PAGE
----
Things are not all rosy in the land of the wheat and gluten free. There are some drawbacks and it’s important to be aware of those before you make the decision to go wheat free. Let’s just dive right in and talk about the dark side of gluten free.

Nutrition Deficiencies

Going gluten free means that you’ll have to pay careful attention to your diet in more ways than one. In addition to avoiding anything with wheat or gluten you’ll also need to make sure you’re getting the fat, fiber, and protein your body needs. You’ll want to make sure that you get enough vegetables and fruits along with nuts and other whole grains into your diet.

However, the downside to going wheat free and the biggest nutritional challenge because of that might be getting enough vitamin B. Fortified breads and cereals are a primary source of B vitamins. B9 is also known as folic acid and is essential to prevent birth defects. To compensate for this potential deficiency, you’ll want to look into taking a gluten-free multivitamin and multi-mineral supplement.

A Lifetime Commitment

Another downside to going wheat free is that once you eliminate gluten and wheat from your body, you may not only want it but “need” to keep it that way. Many people who start eating gluten after an elimination find that they’re even more sensitive to it. This happened to me. After several months gluten free, I had a sandwich at a deli. They didn’t have gluten free bread and I didn’t think it would be a big deal. Boy was I wrong. I was sick for days. I felt like I had the flu. It was enough to convince me that gluten wasn’t for me and that sandwich certainly wasn’t worth feeling so sick.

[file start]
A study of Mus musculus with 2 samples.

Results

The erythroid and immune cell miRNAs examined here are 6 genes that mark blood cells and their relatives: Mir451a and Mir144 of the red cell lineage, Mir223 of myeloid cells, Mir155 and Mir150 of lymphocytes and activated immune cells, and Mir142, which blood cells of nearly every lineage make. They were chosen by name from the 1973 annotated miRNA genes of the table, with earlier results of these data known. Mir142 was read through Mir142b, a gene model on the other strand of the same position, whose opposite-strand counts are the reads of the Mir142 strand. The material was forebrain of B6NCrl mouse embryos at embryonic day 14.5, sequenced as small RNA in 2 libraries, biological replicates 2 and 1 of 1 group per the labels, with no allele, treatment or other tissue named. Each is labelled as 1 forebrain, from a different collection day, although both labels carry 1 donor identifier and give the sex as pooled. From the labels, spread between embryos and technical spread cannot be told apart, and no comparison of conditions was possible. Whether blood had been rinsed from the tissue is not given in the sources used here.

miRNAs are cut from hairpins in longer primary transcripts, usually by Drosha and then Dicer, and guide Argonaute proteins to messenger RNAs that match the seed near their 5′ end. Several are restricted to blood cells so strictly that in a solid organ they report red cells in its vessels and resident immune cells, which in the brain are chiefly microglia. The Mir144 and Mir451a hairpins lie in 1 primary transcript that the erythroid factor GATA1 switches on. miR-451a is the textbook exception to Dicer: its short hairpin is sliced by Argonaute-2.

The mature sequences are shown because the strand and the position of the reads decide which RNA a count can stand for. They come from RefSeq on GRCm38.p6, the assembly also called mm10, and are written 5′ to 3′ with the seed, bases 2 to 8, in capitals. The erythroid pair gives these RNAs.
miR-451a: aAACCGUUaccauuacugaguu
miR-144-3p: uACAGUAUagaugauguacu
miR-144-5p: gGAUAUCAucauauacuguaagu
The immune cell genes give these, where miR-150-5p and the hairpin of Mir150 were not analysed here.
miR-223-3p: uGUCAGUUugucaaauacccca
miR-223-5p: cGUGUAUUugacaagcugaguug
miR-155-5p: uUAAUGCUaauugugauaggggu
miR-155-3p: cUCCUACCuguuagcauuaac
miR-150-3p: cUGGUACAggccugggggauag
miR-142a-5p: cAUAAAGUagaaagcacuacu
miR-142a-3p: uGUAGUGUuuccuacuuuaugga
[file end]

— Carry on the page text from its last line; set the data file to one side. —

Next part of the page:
Social Stigma

The gluten free diet is nothing new. It’s been around for a long time as many people have an allergy to gluten. The difference is that it is mainstream now. When celebrities start talking about how great they feel without gluten, people start listening and they start talking. However, a downside to going wheat free because of that is that you’ll need to be prepared for questions, judgments and many sighs.

Strangers aren’t much of a problem, it’s when your friends and family roll their eyes that it becomes frustrating. Here’s the key to managing this, remember how good you feel. Think about the weight you’ve lost, the energy you’ve gained, and the health improvements you’re enjoying. Their opinion about what you eat or don’t eat really doesn’t matter.

Gluten Free is Pricey

Finally, this last downside to going wheat free is unfortunately for many people a real blocker, because if you start going to the store to buy gluten free bread and treats, be prepared to spend some big bucks. A loaf of bread can cost you six dollars and the add on at a pizza restaurant for a gluten free crust can be almost as much. You’re much better off not adding these items to your diet, at least not on a regular basis. In addition to breaking the bank, they’re just not good for you. Make your own gluten free treats with the flours and meals mentioned in the post titled “The First Step To Eliminating Wheat from Your Diet.” They won’t spike your blood pressure or cause inflammation and the price is much cheaper than store bought goods. Also consider that being healthy is the new wealth, and not only will you feel amazing, but save on medical bills too…;)

There you have it, the major drawbacks and downside to going wheat free. If you’re dealing with digestive challenges, weight gain, constant cravings, low energy, poor sleep and aches and pains that you just can’t seem to get rid of, then gluten is a likely culprit. All of these “drawbacks” will feel minor in comparison to your improved health and vitality.

In the last post in this series we’ll wrap it up by talking about making the decision to commit to a gluten free and wheat free life.